Do better looking people have it easier at work?
There are all kinds of studies that tell us about how taller, better looking people often get hired over others who are less attractive. It’s a fact of life and of course it sucks for those of us who will never be on the cover of a magazine. Believe me, I know the feeling. I work in TV, and I once had a casting director tell me that my TV show was being picked up, but that I “did not have the face for Bravo, that A&E (the home of Duck Dynasty) would be a better fit.” Nice right? That’s a different subject for a different time though.
What I want to talk about here and now is people who feel like they’re being used as eye-candy. I hear this a ton from both men and women looking to change jobs--although, this is certainly something that women have to deal with far more regularly. They’ll say that their boss brings them to fancy industry parties because they’re good looking and that they’ll leave the evening feeling used. Some say that they just feel disrespected, others say that it makes them question whether or not their bosses actually value their work or if they’re just on the team because they have a nice pair of legs. While I’m happy to have this business, my response (at least in my head) is usually something like, “yeah, okay, sounds about right.”
Listen, I don’t mean to poo-poo how anyone feels about the way people look at them at work, and if your boss is harassing you, report them at once. No one should have to put up with any unwanted sexual attention at all and there are certainly some bosses who need to learn that lesson. I understand that there are people out there who might feel like they were only hired because of their looks (and who knows, maybe they were), but it in many cases those same people are excelling in their roles. If you’re one of these people, my best advice is to try to allow your success to be liberating. Even if you were hired based on your looks, keep your head down, do your job, and prove that you’re worth far more than a good-looking face.
On the other hand, if you’re one of those workers who has to deal with comments about your looks day in and day out, go talk to your boss. Set a meeting and have all hardcopy proof of all your professional achievements. I promise that no company will let you go for demanding this sort of meeting--especially if you have been successful in your job--the lawsuit and bad press wouldn’t be worth it for them. Tell your boss that you feel like you’re undervalued and shown off in ways that make you feel uncomfortable. For all you know, your boss will realize what a sleaze they’ve been and back off. Unfortunately, this is unlikely to happen.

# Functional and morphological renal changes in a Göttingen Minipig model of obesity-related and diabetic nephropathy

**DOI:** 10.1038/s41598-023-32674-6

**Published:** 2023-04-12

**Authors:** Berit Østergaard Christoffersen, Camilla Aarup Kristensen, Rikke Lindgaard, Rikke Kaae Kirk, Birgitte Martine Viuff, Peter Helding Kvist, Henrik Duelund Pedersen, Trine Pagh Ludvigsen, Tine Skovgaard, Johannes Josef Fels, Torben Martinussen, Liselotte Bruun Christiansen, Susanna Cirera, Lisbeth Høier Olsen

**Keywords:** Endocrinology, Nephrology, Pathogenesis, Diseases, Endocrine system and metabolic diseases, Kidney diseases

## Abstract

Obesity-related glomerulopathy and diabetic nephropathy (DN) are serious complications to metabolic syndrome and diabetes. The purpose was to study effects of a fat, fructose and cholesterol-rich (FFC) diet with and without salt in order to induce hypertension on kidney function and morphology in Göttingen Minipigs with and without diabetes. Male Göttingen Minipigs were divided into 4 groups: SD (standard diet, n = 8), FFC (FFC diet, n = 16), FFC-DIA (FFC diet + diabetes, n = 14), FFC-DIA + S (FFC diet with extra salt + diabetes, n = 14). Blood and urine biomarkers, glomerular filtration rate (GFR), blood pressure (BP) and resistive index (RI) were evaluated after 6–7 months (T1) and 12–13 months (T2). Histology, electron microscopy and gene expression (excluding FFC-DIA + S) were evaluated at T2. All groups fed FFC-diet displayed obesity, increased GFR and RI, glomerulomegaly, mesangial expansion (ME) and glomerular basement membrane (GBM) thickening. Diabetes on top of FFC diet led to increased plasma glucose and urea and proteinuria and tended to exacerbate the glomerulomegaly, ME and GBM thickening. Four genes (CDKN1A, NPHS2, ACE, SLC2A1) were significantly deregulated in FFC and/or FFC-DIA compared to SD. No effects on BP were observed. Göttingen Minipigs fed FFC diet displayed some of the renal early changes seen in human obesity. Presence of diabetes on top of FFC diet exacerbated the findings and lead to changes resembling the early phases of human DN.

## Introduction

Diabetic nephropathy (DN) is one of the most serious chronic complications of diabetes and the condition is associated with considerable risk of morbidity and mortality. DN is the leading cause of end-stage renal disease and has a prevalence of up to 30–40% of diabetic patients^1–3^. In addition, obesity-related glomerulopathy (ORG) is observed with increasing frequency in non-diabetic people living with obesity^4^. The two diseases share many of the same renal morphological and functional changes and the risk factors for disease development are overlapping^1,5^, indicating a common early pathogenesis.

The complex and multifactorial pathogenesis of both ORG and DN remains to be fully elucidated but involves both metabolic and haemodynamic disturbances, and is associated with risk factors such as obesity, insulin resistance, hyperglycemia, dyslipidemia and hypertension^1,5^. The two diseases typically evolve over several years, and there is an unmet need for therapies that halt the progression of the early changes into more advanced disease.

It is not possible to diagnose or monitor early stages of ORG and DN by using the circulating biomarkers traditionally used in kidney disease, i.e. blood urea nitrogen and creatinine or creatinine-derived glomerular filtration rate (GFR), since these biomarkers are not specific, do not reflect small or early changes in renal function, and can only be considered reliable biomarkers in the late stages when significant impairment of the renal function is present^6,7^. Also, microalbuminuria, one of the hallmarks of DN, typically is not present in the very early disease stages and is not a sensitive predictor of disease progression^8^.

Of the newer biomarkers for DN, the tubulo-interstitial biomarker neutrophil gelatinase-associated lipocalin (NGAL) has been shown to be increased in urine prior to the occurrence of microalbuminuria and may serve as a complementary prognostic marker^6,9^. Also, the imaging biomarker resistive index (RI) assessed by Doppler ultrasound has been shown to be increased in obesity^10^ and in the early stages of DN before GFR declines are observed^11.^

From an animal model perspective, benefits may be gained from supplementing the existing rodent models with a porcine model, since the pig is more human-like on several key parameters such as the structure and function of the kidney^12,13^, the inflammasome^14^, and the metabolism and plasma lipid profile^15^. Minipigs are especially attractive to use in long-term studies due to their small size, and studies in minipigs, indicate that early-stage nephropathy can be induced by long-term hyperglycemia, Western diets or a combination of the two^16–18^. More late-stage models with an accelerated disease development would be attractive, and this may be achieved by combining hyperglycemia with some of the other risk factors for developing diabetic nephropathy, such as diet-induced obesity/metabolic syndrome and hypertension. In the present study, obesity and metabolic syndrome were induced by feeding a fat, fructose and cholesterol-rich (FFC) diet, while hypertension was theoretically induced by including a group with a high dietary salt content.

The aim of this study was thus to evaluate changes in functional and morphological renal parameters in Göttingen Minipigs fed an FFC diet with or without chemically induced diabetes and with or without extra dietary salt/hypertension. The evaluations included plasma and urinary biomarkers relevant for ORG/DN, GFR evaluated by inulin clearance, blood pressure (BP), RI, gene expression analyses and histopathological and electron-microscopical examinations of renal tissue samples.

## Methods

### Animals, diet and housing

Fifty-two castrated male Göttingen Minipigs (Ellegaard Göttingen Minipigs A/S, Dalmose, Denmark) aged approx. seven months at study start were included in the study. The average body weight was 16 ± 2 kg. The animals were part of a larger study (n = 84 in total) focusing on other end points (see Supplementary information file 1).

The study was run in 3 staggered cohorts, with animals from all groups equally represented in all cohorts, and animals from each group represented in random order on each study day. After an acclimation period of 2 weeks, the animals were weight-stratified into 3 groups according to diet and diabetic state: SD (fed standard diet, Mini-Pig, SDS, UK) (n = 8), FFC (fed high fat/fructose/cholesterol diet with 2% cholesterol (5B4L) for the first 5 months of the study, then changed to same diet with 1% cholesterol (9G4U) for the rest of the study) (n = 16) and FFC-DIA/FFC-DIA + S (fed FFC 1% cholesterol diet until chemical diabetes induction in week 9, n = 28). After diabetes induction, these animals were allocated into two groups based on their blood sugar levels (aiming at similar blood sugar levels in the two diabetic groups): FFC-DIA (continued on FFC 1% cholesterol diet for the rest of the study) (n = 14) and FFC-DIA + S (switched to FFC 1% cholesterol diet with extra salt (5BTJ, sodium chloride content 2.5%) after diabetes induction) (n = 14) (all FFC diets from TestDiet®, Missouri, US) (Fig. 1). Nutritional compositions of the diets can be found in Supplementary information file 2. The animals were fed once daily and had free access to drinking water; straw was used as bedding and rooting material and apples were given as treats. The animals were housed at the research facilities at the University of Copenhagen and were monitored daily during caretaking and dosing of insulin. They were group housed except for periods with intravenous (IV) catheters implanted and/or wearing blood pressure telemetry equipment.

As I see it, this is a country-wide and generational issue that’s going to take a while to solve. The truth of the matter is that men--and women, although less so--in powerful positions often feel entitled to things to which they have no right. As is so often the case in the workplace (and outside the workplace, for that matter), the thing that men feel entitled to is women’s bodies (and less so, other men’s bodies too). I don’t mean to go off on some hippie-dippy rant, but this is the truth: power goes to people’s heads and to other places. The point is, while it’s possible a boss will back off if and when you confront them about unwanted sexual attention, both the history of men in power and the history of gender workplace dynamics allow us to assume that they won’t just apologize and that will be the end of it all. Remember that 40 years ago in this country, the only women that men worked alongside were their secretaries, and they could tell them what to wear! This isn’t an excuse though; there is no excuse for any boss to make any of their employees feel uncomfortable in the workplace. If your boss doesn’t respond to your talk, report them to HR and let them handle the situation.
Now, for you bosses reading this and getting a little red-in-the-face because some of this sounds a bit too familiar. Cut it out. Where there’s smoke there’s fire. Just because you don’t think it’s sexual harassment, doesn’t mean it isn’t sexual harassment. If someone feels harassed…hey then well, that may be enough. You’re not Roger Ailes. You can’t pay for the types of attorneys that get sexual assaulters $60 million golden parachutes.